On a sunny summer afternoon blanketed in a heatwave, dozens of families filed into Fountain Hill Elementary School in South Bethlehem to visit the school’s newest facility: a community food pantry.
Inside the space, which is directly accessible from the exterior of the school, walls were lined with staples such as canned vegetables, rice, beans and shelf-stable milk. Meat and fruit filled the freezer. A shelf stocked with donations held everything from bakery-fresh bread to boxed vegan macaroni and cheese. Outside, bins overflowing with fresh local produce lined tables dotting the sidewalk.
As families waited to enter, cheerful conversation flowed among adults, students and Paige Hoffman, community school coordinator at Fountain Hill Elementary.
The food pantry is a resource for students, families and members of the Fountain Hill community. Functioning similarly to a mini market, it is a choice pantry; guests select their food, with no requirements on items. Allocation is based on family size in an effort to make the pantry as equitable as possible. Individuals managing the pantry are mindful of the selections being made and have taken steps to ensure that the inventory includes culturally appropriate food.
The community schools initiative is a partnership among Lehigh University, the Bethlehem Area School District and the United Way of the Greater Lehigh Valley that seeks to eradicate barriers to success for students and families. As one element of the initiative, the Community Service Office at Lehigh is the lead partner at Fountain Hill Elementary.
Through the Backpack Buddies program, which has been in place at the school for approximately 18 years, food was sent home with students weekly. This helped food insecure families bridge gaps between children eating at school and home. When the pandemic closed schools nationwide in March 2020, Hoffman noted that a number of students and their families, as well as many Fountain Hill residents, faced increased food insecurity. Compounding the problem was the neighborhood’s location in a food desert, with few retail spots where families could purchase food affordably. In an effort to curb the issue, Hoffman began distributing meals to students weekly to replace the food students were not receiving while schools were shut down.
“With the closure of several local retail food stores, we knew that securing food would be a struggle in our neighborhood, so when the pandemic began, we handed out food," Hoffman said. "Even as the pandemic began to wind down, we predicted that food insecurity would continue to be high, and that has been true.”
Following internal discussions about increased food insecurity in the community, staff in Lehigh’s Community Service Office approached Second Harvest Food Bank of the Lehigh Valley and Northeast Pennsylvania with interest in partnering to open a food pantry at Fountain Hill Elementary. Second Harvest seemed like an ideal partner who could help keep shelves stocked with healthy food at no cost to local families in need.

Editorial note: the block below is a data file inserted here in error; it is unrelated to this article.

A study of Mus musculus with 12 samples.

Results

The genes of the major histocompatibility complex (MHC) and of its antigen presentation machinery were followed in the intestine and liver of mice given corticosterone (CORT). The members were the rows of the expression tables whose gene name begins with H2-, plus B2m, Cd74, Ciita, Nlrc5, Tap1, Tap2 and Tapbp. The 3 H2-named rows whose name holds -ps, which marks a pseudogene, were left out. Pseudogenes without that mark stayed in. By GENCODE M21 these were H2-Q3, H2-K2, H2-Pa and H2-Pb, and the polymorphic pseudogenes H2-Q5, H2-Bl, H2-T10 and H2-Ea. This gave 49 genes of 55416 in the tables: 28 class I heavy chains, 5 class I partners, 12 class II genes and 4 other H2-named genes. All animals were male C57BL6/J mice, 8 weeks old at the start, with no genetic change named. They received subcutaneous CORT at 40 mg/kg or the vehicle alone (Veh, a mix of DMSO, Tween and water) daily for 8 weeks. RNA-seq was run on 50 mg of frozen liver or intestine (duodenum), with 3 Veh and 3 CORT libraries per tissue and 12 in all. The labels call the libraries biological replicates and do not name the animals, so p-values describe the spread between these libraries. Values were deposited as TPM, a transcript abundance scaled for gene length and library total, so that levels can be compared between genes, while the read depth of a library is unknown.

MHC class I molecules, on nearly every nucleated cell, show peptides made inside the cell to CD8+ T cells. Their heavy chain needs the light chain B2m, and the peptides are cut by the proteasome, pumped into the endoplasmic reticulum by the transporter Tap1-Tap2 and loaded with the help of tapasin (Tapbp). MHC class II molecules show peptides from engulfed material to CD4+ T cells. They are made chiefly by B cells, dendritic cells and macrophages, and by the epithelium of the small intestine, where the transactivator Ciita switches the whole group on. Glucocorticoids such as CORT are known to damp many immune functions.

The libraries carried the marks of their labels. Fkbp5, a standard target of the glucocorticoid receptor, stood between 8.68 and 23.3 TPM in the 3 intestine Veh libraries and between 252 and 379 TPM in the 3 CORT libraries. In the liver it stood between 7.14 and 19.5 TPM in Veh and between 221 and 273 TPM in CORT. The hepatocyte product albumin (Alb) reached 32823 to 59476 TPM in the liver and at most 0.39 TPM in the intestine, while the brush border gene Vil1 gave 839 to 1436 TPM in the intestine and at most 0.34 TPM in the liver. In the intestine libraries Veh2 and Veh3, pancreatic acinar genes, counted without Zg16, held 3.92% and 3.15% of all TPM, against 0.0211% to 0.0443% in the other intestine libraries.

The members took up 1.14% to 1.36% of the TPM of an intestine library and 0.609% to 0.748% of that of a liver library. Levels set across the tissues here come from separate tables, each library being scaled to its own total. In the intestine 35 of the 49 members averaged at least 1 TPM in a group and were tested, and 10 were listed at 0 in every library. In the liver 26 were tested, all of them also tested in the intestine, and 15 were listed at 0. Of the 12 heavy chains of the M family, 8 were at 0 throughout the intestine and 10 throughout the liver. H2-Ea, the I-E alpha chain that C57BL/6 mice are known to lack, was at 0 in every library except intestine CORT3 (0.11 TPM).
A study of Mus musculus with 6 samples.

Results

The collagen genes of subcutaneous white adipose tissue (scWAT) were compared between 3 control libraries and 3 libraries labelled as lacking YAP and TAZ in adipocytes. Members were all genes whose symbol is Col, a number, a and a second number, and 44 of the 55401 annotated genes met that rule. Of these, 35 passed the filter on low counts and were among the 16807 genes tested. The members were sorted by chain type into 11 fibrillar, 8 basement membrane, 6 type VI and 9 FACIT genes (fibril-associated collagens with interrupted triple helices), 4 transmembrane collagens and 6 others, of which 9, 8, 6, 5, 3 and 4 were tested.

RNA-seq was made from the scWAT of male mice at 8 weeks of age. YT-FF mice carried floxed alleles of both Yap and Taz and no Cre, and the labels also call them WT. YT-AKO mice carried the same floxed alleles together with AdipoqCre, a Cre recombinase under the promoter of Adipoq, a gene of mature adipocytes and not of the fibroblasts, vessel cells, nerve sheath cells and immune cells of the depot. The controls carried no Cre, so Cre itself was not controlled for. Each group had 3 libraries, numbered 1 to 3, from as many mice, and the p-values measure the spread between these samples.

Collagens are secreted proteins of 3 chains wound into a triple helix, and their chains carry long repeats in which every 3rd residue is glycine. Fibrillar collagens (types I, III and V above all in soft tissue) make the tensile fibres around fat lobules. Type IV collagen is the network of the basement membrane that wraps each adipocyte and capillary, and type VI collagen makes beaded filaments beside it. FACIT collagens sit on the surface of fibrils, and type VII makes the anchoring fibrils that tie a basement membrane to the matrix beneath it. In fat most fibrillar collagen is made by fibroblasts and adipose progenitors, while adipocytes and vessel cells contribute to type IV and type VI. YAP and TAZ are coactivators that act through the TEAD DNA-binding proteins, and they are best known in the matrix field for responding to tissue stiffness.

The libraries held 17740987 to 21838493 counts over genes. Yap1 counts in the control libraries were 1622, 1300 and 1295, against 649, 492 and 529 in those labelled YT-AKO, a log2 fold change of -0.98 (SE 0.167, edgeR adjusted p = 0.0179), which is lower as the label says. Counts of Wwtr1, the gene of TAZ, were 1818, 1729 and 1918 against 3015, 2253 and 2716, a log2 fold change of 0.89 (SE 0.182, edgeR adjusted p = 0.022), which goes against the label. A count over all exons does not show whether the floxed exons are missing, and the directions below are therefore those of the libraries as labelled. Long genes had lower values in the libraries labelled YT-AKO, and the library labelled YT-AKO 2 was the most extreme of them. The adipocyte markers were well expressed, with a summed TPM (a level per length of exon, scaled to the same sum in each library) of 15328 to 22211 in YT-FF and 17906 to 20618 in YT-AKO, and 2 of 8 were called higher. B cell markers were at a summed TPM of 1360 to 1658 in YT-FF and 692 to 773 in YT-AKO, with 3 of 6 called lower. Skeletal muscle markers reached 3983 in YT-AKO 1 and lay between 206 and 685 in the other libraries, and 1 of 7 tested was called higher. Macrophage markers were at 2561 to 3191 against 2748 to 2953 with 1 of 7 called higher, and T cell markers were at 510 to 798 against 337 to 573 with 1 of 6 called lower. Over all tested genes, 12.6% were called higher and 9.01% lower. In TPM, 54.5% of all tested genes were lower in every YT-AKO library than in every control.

Second Harvest agreed to partner–as long as a non-profit was leading the initiative. As a result, Fountain Hill Grocery Community Partnership was born, a small non-profit composed of representatives from Lehigh University, the City of Bethlehem, Fountain Hill Borough, and Cathedral Church of the Nativity (located in South Bethlehem). Chairing the non-profit is Richard Sause, Joseph T. Stuart Professor of Structural Engineering in Lehigh’s P.C. Rossin College of Engineering and Applied Science and director of the Advanced Technology for Large Structural Systems (ATLSS) Center.
With Cathedral Church of the Nativity taking the lead, Fountain Hill Grocery Community Partnership raised funds to build a pantry room at the school, raising more than $150,000 to construct and equip the space. St. Luke’s University Health Network and the R.K. Laros Foundation were key donors.
The food pantry is open from 10 a.m. to 12 p.m. and 4 to 6 p.m. on Wednesdays through the summer. The schedule will be adjusted as the school year begins in order to best fit the needs of the community. Starting Sept. 13, the pantry will be open on the second and fourth Wednesdays of each month from 4 p.m. to 6:30 p.m.
“Our community has shared that the food pantry is important,” said Carolina Hernandez, assistant dean and director of Lehigh’s Community Service Office, who was integral in making the food pantry a reality. “The priority is access to food that is affordable. In this case, we were able to make it completely free.”
When asked about the journey of the food pantry from inception to the hot summer day when a line formed down the block, Hoffman spoke with emotion.
“So many people have dedicated time, resources and expertise to make this happen,” she said. “Seeing the traffic that has come through and the gratitude our community feels for having this resource is amazing. We have families who visit every week, some who visit once a month, and they are really grateful that this is accessible.”
Both Hernandez and Hoffman hope that the pantry continues to have a positive impact on the community.
“In the future, I see us expanding what we are able to offer to families,” said Hernandez. “We will continue to partner with Second Harvest to acquire healthy food that will be utilized. It has been an asset to the community to have a space for individuals to come and not only get food, but know that they are seen and heard. Those individuals now have a space to provide feedback on what else is happening in the community, and we can see where we might provide support.”
Fountain Hill Grocery Partnership accepts food donations for the pantry on-site and monetary donations via Venmo @FeedingFountainHill. Donations also may be sent to Lehigh's Community Service Office, with funds designated for the Fountain Hill food pantry. The food pantry's Amazon wish list can be found here.